A new program being tested in California is hoping to help.
Gene Foster has schizophrenia and struggles to connect with people around him. But thanks to social cognition training, he's beginning to feel less alone.
"Most individuals with schizophrenia have trouble with social functioning, reading social cues, emotional cues or putting themselves in someone else's position," said Dr. Michael Green, a psychiatry professor at UCLA.
In an effort to figure out why, Dr. Green began analyzing brain scans.
"There are certain parts of our brain that are active when we think about other people. It's called a mentalizing network. Individuals with schizophrenia, just don't activate this network anywhere near as strongly as healthy controls do," he said.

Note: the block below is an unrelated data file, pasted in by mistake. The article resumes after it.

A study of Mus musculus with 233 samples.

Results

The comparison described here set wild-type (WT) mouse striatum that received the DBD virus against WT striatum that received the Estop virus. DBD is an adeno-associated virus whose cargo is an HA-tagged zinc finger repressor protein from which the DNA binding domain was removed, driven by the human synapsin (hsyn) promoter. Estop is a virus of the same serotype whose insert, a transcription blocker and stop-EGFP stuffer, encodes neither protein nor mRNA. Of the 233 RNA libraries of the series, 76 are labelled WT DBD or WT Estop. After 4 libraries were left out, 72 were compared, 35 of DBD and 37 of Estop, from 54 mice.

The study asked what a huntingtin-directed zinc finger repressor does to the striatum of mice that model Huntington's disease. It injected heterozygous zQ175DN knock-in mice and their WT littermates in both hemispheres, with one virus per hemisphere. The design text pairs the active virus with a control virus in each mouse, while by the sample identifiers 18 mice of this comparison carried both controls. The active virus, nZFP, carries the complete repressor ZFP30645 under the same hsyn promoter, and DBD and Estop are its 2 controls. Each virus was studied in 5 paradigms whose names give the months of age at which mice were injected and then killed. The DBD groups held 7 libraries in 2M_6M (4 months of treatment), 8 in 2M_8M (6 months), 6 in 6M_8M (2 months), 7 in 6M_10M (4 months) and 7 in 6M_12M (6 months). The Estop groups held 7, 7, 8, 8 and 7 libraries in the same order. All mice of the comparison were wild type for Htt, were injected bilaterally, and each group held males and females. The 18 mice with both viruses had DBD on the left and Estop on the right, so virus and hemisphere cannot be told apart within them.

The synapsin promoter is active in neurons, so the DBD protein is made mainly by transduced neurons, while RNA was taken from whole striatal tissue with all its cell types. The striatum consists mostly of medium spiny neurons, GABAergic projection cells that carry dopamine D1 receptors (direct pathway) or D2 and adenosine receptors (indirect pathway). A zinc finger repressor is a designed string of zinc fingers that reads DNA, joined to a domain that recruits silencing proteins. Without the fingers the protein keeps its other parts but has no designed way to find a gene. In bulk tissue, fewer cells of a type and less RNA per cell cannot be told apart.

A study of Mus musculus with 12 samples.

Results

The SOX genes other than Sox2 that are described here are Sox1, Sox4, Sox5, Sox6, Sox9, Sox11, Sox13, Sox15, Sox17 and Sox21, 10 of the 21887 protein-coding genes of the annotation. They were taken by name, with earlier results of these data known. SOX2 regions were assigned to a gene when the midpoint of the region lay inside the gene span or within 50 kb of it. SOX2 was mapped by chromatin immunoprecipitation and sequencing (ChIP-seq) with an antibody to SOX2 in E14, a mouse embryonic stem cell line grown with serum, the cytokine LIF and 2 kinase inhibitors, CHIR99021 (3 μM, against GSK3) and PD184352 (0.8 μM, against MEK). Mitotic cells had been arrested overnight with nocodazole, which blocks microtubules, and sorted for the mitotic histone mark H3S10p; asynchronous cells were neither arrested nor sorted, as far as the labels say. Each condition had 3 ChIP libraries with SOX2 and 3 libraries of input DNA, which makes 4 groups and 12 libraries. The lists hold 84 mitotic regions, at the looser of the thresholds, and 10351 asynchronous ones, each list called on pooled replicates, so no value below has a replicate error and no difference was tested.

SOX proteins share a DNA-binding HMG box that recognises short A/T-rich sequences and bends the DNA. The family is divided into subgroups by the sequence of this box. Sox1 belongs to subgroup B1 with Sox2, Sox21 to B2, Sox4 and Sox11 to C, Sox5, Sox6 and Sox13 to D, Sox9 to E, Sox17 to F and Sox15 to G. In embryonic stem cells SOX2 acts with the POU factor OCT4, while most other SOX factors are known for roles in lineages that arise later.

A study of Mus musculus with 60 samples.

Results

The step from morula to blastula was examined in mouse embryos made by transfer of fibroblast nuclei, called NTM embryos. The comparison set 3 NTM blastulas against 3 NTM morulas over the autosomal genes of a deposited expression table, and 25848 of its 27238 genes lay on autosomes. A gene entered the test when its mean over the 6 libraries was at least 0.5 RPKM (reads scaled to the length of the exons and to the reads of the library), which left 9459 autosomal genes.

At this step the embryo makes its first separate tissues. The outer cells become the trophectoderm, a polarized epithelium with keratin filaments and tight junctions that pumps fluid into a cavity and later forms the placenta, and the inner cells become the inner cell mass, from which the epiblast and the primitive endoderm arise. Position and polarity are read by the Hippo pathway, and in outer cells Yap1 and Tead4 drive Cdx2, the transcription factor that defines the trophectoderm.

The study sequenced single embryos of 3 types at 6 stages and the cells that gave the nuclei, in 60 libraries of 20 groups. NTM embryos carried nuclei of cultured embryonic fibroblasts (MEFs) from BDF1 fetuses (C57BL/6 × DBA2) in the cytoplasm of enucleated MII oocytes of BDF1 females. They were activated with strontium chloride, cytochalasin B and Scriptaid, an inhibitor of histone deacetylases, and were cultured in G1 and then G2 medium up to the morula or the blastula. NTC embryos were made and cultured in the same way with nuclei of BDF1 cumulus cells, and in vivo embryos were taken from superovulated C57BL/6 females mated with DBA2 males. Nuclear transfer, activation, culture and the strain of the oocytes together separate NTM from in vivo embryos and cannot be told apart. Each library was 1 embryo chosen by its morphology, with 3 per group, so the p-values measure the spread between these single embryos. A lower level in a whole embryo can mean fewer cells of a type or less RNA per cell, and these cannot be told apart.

Dr. Green and his colleagues believe these skills can be taught through slides, mirrors and public observation.
"How are they feeling today? Do they look happy? Are they sad? Are they angry? All kinds of different emotions," said Dr. Green.
Through reading others, patients also learn about themselves.
"We're rather successful in training individuals in how to manage their own emotions and how to maintain a good mood or get rid of a bad mood," said Dr. Green.
For patients like Foster, the difference is quite noticeable.
"I think it's helped me a lot the last few weeks with trying to make eye contact and judging their facial expressions," said Foster.
The end goal of the training is to help patients function within their community.
They meet twice a week for 12 weeks and with a combination of medication, it does seem to be helping.